A Gorilla in the Guest Room by Gerald Durrell

In A Gorilla in the Guest Room by Gerald Durrell we have the theme of trust, fear, anxiety, connection, control, equality, freedom and responsibility. Narrated in the first person by Durrell himself the reader realises after reading the story that Durrell may be exploring the theme of trust. N’Pongo unlike Nandy trusts Durrell and if anything is affectionate towards him. He has lived most of his life with Durrell and as such knows that he can trust him. That Durrell is not an enemy. Unfortunately the same cannot be said about Nandy who is slower to trust either Durrell or N’Pongo due to her previous engagements with human beings (and possibly with other gorillas). She has suffered at the hands of those who may have captured her hence the scar that runs across her scalp. This may be important as Durrell may be using the scar to highlight to the reader the fact that some animals who have been captured by humans may not necessarily have had pleasant experiences with their captors. However fortunately for Nandy Durrell has her best interests at heart as can be seen by how he treats Nandy throughout the story. There is no real need for Nandy to distrust Durrell.

Along with distrust comes fear and it is also clear to the reader through Durrell’s description of Nandy’s eyes that she is afraid of the circumstances she finds herself in. She is among strangers, including N’Pongo, and is in an environment in which she is not familiar. This is sure to increase the anxiety that Nandy may feel. Durrell himself shows signs of anxiety in the story when he realises that N’Pongo is sick and he doesn’t at first realise what is wrong with him. The strong connection that Durrell has with N’Pongo means that Durrell is naturally worried about him. Durrell also knows that he is responsible for N’Pongo. Something that is clearer to the reader when Durrell considers not going to France and instead ensuring that everything is okay with N’Pongo. At all stages of the story Durrell shows that he cares about and is connected to both N’Pongo and Nandy. Leaving the reader to suspect that both gorillas are in good hands and that Durrell has their best interests at heart. Something again that may not necessarily have previously been the case when it came to Nandy’s introduction to humans.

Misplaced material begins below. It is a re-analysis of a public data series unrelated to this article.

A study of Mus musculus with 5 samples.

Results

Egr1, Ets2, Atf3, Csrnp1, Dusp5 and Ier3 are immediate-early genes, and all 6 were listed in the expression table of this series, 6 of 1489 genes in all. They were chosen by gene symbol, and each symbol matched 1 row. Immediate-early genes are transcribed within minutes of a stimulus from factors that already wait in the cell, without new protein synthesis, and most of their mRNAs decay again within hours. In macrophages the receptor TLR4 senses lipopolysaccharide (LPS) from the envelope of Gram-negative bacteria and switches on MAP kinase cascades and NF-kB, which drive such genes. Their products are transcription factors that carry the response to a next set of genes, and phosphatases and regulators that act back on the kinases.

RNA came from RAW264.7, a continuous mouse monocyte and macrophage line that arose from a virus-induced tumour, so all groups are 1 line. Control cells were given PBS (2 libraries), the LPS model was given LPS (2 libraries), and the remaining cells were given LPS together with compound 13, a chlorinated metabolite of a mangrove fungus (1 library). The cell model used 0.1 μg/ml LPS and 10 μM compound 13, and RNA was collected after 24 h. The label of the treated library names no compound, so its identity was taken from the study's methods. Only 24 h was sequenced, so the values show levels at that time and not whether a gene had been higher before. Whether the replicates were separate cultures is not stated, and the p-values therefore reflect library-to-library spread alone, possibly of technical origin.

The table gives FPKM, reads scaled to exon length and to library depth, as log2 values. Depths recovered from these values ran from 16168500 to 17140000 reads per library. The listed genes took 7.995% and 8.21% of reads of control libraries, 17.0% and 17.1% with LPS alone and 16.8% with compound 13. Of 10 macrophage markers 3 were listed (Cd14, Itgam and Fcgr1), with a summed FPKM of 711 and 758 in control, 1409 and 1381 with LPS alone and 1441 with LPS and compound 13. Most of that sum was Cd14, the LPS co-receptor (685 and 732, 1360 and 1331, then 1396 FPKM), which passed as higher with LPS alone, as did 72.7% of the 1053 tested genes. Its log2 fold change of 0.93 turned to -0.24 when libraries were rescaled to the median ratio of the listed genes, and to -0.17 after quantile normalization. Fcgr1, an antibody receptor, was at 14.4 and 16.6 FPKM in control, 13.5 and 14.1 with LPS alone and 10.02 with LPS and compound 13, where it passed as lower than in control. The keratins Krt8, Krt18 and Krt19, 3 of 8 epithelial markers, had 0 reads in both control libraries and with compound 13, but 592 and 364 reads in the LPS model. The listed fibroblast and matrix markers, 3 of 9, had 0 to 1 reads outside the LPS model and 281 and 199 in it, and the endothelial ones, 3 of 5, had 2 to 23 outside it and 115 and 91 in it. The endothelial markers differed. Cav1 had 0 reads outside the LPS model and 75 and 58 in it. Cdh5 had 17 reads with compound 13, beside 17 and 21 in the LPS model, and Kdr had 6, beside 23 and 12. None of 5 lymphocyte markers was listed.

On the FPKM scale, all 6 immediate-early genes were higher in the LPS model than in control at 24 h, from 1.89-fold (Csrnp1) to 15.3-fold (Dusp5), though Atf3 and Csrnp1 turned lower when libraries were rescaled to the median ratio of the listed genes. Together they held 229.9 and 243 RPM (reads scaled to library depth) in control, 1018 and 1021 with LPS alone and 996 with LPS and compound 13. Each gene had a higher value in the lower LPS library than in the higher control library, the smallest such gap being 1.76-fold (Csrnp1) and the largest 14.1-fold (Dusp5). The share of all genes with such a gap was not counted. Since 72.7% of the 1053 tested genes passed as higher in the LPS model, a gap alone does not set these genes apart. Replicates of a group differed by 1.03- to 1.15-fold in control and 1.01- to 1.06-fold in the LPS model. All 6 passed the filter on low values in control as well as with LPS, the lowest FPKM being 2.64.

It may also be important that N’Pongo on Nandy’s arrival tries to control her or at least ensures that she is aware that he is the one who is in charge. In many ways this mirrors how men might consider their role when it comes to women. Men have an innate desire to show that they are in control without giving equality to women. Though it is noticeable that N’Pongo does allow Nandy to sleep on the same bench as he is sleeping on. Symbolically this may be significant as Durrell may be suggesting that many men could learn from the activities or actions of N’Pongo and by doing so they might live in unison with women. If anything Durrell might be highlighting the inequality that exits between men and women not only at the time the story was written but today as well. There is also a sense of irony in the story. Though both N’Pongo and Nandy are in captivity they still have a degree of freedom that they may not have if they lived in the wild. Should they live in the wild they may very well be killed by poachers. A circumstance that they are saved from by Durrell.

The end of the story is also interesting as Durrell is able to go to France with a degree of peace of mind. He knows that N’Pongo is getting better and like a father would to a son, Durrell takes a back seat and continues on with his life. Though he is still very much attached to N’Pongo. As can be seen by the fact that Durrell very nearly cancelled his trip to France. The fact that Durrell questions himself might also be important as by doing so the reader realises just how committed Durrell is to N’Pongo (and Nandy). Even though he knows that it can also cause him pain. However the joy that N’Pongo and Nandy brings to Durrell appears to far outweigh the negativity that might come from having to care for them and keeping them in captivity. Something that some critics might disagree with and not accept. However Durrell seems to be logical and caring when it comes to his treatment of N’Pongo and Nandy. Hence his belief that N’Pongo and Nandy should be kept in captivity and allowed to bred. A stance that Durrell does not deviate from.

Cite Post
McManus, Dermot. "A Gorilla in the Guest Room by Gerald Durrell." The Sitting Bee. The Sitting Bee, 9 Jan. 2019. Web.